Friday, January 23, 2015

Grocery Shopping on a Budget: Teaching Life Skills to My Older Kids

My older two kids (8 and 6) are old enough now that I've begun to feel I should be teaching them life skills beyond using the toilet and bathing. For several months, they have been responsible for folding and putting away their laundry and their three-year-old brother's laundry. Soon, the three-year-old will be assigned to assist them with it, but he's still more of a hindrance than a help. The oldest recently volunteered to completely take over doing their laundry, now that he's finally tall enough to reach the dryer, which is stacked atop the washing machine.

They also are sometimes tasked with emptying the dishwasher and setting the table. Sometimes they help me cook, by measuring ingredients, stirring pots, or reading recipes.

I have them help me straighten up toys, sometimes do some light organizing, and sweep the floor.

Today, I decided to take the opportunity to teach them a little about budgeting.

I've only recently begun to seriously delve into the nitty gritty of budgeting and managing money more proactively. I started experimenting with a new budget software, and I noticed how many skills there are to build, and these are skills that can be easily taught at a much younger age than my tender 33 years. Managing money, spending and saving wisely, being choosy about where your money goes, these are things even a six and eight-year-old can begin to understand.

So I issued the family a challenge. We went to the grocery store this afternoon and we made a goal of spending no more than $150. The idea was to pick and choose the best deals, be aware of prices, find good value for the products we needed, and know when to give something up and when to insist on something based on our family of six's need to eat 20 or so meals per week (assuming we have brunch on the weekend!). I wanted the kids to see that when they ask for just one more bag of chips or a drink or treat at the end of the shopping trip, or this snack instead of that one, or "can we get this, too, please?", it all adds up and may prevent us from buying something else because it maxes out the budget.

I had made a pretty comprehensive list of things we needed. Uncharacteristically, we were out of basics like coffee and salt, sugar and paper towels, so I knew those would take up space in the budget that might otherwise be allotted to snacks or a treat at the end.

It made for a perfect lesson.

I handed the eight-year-old my phone in calculator mode, and every time we chose an item, he added the cost to a running total. We checked unit prices to see if what looked like a good deal actually was one. We chose one brand over another based on whether something was on special. I was able to show that by purchasing a large volume of nonperishable items that were marked down, it would mean we could go several weeks without having to buy it, and it would save several dollars in the long run. I was able to demonstrate that even though it took a little more space in this week's $150, next week we wouldn't need to buy that item at all, so we could use that same space to buy something else that was on sale another time.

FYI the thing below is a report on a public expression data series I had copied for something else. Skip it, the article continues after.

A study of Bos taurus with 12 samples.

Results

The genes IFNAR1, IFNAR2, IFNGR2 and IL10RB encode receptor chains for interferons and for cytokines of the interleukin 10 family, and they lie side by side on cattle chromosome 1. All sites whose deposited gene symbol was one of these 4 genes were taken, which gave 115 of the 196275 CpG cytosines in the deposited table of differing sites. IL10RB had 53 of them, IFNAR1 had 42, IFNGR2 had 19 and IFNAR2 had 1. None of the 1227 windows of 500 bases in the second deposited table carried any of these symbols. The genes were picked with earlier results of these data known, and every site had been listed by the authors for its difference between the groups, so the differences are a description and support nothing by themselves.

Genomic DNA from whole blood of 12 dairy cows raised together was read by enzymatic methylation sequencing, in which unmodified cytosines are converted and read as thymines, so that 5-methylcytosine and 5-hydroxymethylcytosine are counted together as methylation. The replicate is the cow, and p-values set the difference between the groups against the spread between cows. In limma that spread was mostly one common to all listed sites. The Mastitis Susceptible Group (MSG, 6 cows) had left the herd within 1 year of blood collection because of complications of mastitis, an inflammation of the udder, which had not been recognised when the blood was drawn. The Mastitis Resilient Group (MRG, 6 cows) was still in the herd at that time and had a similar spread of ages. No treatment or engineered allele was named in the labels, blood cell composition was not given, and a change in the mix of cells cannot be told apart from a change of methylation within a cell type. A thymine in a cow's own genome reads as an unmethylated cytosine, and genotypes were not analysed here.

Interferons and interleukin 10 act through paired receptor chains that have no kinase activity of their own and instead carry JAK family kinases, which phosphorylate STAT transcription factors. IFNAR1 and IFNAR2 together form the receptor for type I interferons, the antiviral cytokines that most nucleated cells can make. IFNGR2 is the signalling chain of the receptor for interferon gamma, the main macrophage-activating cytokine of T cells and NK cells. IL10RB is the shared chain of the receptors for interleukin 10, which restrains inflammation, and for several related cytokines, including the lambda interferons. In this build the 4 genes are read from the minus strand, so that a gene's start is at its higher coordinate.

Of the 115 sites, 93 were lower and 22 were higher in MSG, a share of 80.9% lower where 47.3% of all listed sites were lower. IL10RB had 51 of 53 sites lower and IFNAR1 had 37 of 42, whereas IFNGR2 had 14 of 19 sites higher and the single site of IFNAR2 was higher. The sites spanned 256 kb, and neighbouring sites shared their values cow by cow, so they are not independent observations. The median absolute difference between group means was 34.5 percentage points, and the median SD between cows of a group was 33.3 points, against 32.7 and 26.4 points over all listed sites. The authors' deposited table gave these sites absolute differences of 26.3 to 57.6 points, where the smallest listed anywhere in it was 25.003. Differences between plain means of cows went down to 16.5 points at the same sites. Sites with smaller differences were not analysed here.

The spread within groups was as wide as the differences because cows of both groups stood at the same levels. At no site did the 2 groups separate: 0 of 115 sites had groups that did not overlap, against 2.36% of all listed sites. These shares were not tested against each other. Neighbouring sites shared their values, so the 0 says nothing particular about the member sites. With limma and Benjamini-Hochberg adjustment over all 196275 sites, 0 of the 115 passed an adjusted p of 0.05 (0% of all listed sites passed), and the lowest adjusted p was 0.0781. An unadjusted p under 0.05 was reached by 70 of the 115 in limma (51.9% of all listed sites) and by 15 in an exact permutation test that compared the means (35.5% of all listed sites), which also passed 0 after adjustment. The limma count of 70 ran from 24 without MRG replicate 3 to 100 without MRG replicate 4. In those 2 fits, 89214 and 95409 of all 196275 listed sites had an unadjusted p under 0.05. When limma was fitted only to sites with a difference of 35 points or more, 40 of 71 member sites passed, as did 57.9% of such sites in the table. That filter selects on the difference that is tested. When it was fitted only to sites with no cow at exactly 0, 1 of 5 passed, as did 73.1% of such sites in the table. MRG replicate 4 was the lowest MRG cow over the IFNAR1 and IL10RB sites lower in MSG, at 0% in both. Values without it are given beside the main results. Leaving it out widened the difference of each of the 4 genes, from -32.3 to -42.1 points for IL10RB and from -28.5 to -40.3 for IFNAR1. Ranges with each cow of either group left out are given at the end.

And, we had to forego some items. Butter would have taken us over budget. The kids wanted a treat, but when we clocked in at a little over $148 when I added some bell peppers (on sale $1 each) and carrots ($.99/pound) and bananas ($.79/pound), I said we had to wrap it up.

We could have made some exchanges. Maybe we needed butter more than tortillas? Maybe, but a 24-pack of tortillas goes a long way, even in a family of six. Maybe we could have made do with less bread in favor of some apples? Possibly. This kind of thing takes practice!

After purchasing four bags (because, of course, I always forget to bring bags) and the tax on a few non-food items, the total came to $151.54. I gave us all a pat on the back. We did very well!

After the experiment, I asked them what lessons they could take out of our little game. We talked about choosing what we really need and not just grabbing what looks good. We discussed making choices that would be beneficial in the long run and not just something we want right now. We said how if we had to forego an item this week, if we got to buy it in the future, we would be that much more excited to have it. We learned how to read price tags and figure out what they really are saying and not just go, "Oh, hey, that's on sale!"

Now, if we had gone over by $25 or $50, it would have been okay. Truthfully, we may need to go back sooner than a week from now to fill in some gaps. I hope not, because that would dilute the lesson a little. But I think they enjoyed the game, especially my oldest, who is definitely a numbers guy. And I hope that now they can appreciate a little better when I say, "I don't have the money for that right now," or, "That's not in the budget this month," or "Do you want to spend your money on THIS or THAT?" They need to understand that money is finite and you have to make good choices!

What ways have you tried to help your children understand the value of money and how to budget?